Mr Gerrard told the court he was used to members of the public insulting him
England midfielder Steven Gerrard has told Liverpool Crown Court he is "sorry" about a fight in which he punched a man in a Merseyside bar.
The Liverpool FC captain has admitted hitting Marcus McGee, 34, in the Lounge Inn, Southport, in December last year but said he was defending himself.
But Mr Gerrard added: "I am certainly mistaken in thinking he was coming towards me to throw punches at me."
The 29-year-old footballer, of Formby, Merseyside, denies affray.
Mr Gerrard was drinking with friends in the early hours of 29 December last year to celebrate Liverpool's 5-1 win over Newcastle United.
It was very difficult at the time to explain to police why I did throw that first punch
"I certainly knew I had had a drink," said Mr Gerrard, who estimated he was seven out of 10 on a drunkenness scale.
"I was certainly in control of how I felt in my surroundings," he told the court.
Mr Gerrard said he was given permission by the club manageress to choose music from a stereo Mr McGee was operating.
The footballer said he and Mr McGee had an argument for four or five seconds and then he walked away, but returned a few minutes later.
Mr Gerrard said it was a heated discussion with Mr McGee and explained that he wanted to "smooth things over".
But Mr Gerrard told the court he felt he had to hit Mr McGee to defend himself.
"It was very difficult at the time to explain to police why I did throw that first punch.
"We were arguing and I told the police I felt that Marcus came towards me and that's why I raised my arms.
"I firmly believed Marcus came towards me to hit me."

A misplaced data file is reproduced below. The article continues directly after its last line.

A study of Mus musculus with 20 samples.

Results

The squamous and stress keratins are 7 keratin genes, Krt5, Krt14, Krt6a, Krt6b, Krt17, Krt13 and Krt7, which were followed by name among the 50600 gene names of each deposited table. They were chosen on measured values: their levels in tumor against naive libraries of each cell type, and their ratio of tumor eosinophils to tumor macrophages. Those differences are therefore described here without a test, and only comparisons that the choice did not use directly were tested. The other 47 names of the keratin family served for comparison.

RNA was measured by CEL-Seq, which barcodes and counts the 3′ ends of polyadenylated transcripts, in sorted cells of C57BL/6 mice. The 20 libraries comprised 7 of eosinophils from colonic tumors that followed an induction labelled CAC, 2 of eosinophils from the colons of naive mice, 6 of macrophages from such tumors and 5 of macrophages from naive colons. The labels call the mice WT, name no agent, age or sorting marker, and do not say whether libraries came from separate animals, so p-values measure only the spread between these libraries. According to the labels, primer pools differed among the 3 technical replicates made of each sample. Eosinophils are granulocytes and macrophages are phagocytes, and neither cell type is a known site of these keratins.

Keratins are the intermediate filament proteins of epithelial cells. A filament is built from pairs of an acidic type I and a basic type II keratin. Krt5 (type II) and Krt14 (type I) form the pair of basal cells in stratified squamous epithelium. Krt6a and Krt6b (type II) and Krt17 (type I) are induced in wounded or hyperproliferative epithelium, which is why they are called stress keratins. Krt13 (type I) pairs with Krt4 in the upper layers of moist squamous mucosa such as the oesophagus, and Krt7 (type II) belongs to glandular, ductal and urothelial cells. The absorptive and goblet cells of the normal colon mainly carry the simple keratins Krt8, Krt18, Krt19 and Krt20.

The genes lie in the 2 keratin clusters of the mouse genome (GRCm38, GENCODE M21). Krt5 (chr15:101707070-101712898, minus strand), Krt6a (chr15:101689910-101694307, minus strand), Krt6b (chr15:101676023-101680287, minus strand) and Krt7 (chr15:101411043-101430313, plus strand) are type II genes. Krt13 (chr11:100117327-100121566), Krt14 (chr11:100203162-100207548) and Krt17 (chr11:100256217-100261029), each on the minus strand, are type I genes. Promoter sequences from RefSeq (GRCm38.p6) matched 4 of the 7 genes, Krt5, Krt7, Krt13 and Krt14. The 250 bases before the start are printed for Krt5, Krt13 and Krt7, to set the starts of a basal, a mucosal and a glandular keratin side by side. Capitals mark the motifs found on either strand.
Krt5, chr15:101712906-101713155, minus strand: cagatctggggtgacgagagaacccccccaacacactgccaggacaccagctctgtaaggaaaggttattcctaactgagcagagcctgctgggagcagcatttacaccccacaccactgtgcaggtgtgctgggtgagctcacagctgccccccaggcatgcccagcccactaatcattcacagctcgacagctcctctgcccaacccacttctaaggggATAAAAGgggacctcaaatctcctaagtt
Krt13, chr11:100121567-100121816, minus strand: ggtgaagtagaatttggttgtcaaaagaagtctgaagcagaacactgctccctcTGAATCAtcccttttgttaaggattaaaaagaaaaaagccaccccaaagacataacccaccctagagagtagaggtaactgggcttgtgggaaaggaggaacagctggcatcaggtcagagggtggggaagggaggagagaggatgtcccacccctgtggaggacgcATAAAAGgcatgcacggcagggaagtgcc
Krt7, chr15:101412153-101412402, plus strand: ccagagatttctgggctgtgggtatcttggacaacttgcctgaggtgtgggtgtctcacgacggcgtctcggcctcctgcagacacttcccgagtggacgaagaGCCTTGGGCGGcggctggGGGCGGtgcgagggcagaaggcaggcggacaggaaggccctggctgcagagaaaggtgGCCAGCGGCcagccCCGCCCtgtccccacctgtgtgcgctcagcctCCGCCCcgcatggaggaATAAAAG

Steven is a terrific ambassador for our club and city
Statement from LFC chaplain, the Reverend Bill Bygroves
Mr Gerrard described raising his left arm and swinging it towards Mr McGee, making contact with him with his wrist.
He said: "I grabbed the back of his jumper as he moved forward to me.
"When I had hold of Marcus, I remember swinging my right hand two or three times."
In Mr McGee's evidence to the court, he said he did not know that John Doran, a friend of Mr Gerrard, had thrown the first punch.
Mr Gerrard reiterated that he was unaware that Doran, 29, had lashed out and therefore, when Mr McGee came towards him, he thought he was in danger. Asked how he felt now about hitting Mr McGee, Gerrard said: "I am certainly mistaken in thinking he was coming towards me to throw punches at me.
"Now I know, obviously, he had been struck, reacted and thought the strike was by me and he came into me and that's when I reacted.
"I am sorry about the whole incident."
'Lot of mither'
The court heard earlier that Mr Gerrard had not been in any kind of trouble with the police since he was banned from the roads for nine months for drinking and driving when he was 19.
The footballer told the court that he suffered "a lot of mither" in bars and other places such as shopping centres and restaurants.
"For example, because I am a footballer, sometimes I get supporters coming up to me, be they Liverpool fans or Everton or Manchester United fans, and sometimes the comments can be derogatory or insulting.
"So I try to deal with it in the best way I can."
Character references for Mr Gerrard, provided by former Liverpool manager Kenny Dalglish and the club's chaplain the Reverend Bill Bygroves, were read out to the jury.
Mr Dalglish said the midfielder was "very responsible" and "humble".
Mr Bygroves said: "Steven is a terrific ambassador for our club and city."
CCTV of Gerrard incident released
Doran, of Woodlands Road, Ian Gerrard Smith, 19, of Hilary Avenue, and Paul McGrattan, 31, of Linden Drive, all Huyton, have all admitted affray.
Accrington Stanley footballers Robert Grant, 19, of Enstone Avenue, Litherland, and Ian Dunbavin, 28, of Guildford Road, Southport, have also admitted affray.
John McGrattan, 34, of Rimmer Avenue, Huyton, has admitted threatening behaviour after denying affray.
The trial was adjourned until Friday, when the judge will begin his summing up of the case.